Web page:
SINGAPORE ASIAN ART CENTRE Fortune Cookie Projects, a curatorial and art consulting service set up in 2006 by Mary Dinaburg and her partner Howard Rutkowski, has recently established their headquarters in Singapore.
The decision to open an office in Asia is a reflection of the rise of Asian art and the importance of Asian collectors in the world market, they said.
“All the international art world knows that Asia is beginning to be a major player and will be even more so,” Dinaburg said. “Galleries, artists, museums want to be in this part of the world, but they don’t know it, so for us it’s a perfect opportunity to work with them, to be their outpost.”
Singapore’s advantages: financial hub, English language, free port facility, space
While the partners considered several locations, including Shanghai and Hong Kong, they say they finally decided on Singapore because of its central geographical position in the region and its wide use of English. But most importantly, it is a financial hub for private wealth, and the city is setting up a free port with what Rutkowski called a “Fort Knox-like,” state-of-the-art facility to house works from all over the world.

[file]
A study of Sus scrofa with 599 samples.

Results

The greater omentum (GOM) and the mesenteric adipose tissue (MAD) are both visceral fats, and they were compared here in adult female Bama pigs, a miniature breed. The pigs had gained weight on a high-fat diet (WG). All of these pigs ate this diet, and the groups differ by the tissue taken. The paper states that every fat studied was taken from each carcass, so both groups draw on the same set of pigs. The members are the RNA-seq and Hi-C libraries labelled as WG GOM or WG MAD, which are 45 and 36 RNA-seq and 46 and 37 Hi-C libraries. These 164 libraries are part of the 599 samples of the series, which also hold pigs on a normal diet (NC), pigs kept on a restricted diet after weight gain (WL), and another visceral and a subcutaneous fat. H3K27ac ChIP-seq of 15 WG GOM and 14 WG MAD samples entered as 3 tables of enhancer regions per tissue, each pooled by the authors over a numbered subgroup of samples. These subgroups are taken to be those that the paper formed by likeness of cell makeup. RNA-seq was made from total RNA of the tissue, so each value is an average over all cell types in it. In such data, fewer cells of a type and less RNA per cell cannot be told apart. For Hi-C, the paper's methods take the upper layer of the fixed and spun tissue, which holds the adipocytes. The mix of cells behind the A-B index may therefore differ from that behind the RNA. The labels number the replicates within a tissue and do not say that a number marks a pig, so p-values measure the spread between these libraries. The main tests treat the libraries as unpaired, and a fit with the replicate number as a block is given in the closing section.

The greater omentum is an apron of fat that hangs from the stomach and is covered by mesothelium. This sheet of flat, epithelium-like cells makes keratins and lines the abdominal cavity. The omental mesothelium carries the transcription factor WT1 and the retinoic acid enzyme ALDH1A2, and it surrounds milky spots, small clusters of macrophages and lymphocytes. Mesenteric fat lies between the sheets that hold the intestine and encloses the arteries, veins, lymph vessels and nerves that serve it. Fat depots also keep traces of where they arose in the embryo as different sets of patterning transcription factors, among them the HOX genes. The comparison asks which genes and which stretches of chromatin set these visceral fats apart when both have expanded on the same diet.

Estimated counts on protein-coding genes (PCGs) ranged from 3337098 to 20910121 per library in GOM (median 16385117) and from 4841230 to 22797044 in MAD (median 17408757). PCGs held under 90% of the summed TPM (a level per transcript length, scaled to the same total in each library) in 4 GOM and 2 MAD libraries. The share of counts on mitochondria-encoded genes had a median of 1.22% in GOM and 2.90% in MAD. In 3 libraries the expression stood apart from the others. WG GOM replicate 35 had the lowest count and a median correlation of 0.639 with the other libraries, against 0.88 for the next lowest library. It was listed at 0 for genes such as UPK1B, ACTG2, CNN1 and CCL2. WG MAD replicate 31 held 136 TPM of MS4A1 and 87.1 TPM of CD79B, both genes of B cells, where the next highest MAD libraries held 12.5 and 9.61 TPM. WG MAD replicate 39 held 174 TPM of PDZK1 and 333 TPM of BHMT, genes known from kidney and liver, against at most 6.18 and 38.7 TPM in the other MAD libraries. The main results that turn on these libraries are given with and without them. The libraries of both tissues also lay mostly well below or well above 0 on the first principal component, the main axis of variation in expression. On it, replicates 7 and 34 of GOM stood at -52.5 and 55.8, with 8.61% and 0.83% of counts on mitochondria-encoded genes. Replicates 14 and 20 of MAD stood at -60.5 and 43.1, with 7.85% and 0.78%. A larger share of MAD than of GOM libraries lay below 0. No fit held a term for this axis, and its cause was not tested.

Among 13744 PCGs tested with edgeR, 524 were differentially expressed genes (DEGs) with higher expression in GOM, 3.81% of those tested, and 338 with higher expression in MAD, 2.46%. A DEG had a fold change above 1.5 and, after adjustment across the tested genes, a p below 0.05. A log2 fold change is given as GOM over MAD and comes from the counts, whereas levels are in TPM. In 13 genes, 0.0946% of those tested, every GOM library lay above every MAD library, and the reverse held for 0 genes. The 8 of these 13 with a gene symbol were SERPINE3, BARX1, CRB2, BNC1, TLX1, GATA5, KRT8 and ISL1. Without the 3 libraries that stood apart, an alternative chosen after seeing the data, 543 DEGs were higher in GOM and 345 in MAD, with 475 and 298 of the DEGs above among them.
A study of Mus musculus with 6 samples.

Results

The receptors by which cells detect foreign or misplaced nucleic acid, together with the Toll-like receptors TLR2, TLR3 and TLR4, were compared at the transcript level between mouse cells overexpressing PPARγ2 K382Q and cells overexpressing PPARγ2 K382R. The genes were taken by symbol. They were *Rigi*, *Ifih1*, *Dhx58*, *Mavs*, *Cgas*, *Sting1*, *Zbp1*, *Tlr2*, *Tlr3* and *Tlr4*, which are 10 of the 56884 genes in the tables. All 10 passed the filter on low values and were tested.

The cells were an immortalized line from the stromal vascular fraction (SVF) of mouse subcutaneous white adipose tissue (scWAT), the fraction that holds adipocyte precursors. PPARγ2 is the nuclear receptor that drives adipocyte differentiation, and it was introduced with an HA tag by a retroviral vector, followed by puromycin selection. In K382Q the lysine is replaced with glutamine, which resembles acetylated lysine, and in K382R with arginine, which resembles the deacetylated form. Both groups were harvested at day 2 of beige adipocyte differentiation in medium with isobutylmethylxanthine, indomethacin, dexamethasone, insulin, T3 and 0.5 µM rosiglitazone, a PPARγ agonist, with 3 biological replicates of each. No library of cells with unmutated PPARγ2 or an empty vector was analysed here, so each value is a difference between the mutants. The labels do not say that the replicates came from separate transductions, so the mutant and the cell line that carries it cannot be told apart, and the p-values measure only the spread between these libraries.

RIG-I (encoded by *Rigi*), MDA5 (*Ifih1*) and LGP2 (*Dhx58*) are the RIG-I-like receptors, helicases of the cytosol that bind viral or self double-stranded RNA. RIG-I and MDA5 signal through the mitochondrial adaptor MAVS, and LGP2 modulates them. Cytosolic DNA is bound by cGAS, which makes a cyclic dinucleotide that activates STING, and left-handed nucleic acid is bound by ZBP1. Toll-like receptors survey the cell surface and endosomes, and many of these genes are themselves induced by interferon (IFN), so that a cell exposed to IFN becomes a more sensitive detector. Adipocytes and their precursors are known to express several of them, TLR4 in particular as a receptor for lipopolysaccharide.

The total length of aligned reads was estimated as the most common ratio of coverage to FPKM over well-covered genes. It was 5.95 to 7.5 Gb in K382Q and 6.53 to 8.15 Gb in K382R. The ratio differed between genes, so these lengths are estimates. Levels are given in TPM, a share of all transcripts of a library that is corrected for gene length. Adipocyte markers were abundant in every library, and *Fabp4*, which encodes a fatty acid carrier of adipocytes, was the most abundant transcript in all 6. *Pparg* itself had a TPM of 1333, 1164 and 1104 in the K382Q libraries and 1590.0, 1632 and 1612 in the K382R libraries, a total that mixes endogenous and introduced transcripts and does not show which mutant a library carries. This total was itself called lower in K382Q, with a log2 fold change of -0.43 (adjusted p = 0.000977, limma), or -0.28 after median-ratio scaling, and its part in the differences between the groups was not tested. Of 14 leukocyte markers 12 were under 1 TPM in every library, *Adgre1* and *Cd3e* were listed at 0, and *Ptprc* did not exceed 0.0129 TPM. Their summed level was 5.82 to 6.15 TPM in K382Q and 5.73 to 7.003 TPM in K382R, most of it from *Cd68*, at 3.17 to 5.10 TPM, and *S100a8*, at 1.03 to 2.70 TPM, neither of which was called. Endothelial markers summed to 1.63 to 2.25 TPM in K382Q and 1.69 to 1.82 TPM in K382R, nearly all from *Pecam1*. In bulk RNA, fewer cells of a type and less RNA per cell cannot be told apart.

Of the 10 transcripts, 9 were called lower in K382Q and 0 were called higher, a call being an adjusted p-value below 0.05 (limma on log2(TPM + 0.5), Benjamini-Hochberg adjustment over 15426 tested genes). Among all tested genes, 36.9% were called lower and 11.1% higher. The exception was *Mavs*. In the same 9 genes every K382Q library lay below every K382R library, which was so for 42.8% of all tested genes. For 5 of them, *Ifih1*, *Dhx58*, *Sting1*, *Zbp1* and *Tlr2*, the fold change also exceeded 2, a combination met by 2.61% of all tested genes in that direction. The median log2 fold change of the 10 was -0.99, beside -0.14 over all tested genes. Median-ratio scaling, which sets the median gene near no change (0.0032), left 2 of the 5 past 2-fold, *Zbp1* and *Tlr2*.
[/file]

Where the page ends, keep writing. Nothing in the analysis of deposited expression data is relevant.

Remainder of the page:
Right now, the only other free ports for art are in Zurich and Geneva, he said. With a gross floor area of approximately 22,500 square meters, or more than 242,000 square feet, for Phase 1 (and an additional 24,000 square meters for Phase 2, to be completed in 2011), the Singapore FreePort will include showrooms, workshops, photo studios and private offices. Due to be completed toward the end of next year, it will be directly accessible to Changi Airport.
“The FreePort is a huge asset to the development of the art market here,” Rutkowski said. “There will be huge, secure warehouses, with no duty or taxes paid; a place for people to park their art safely for as long as they want and in total confidentiality.
“We also felt Singapore was a better place to set up shop than Hong Kong, because it has a much better infrastructure in terms of museums and exhibition spaces. Hong Kong doesn’t have space. When we did the Julian Schnabel show we had to transform office space, because major contemporary artworks, such as his, require proper presentation.”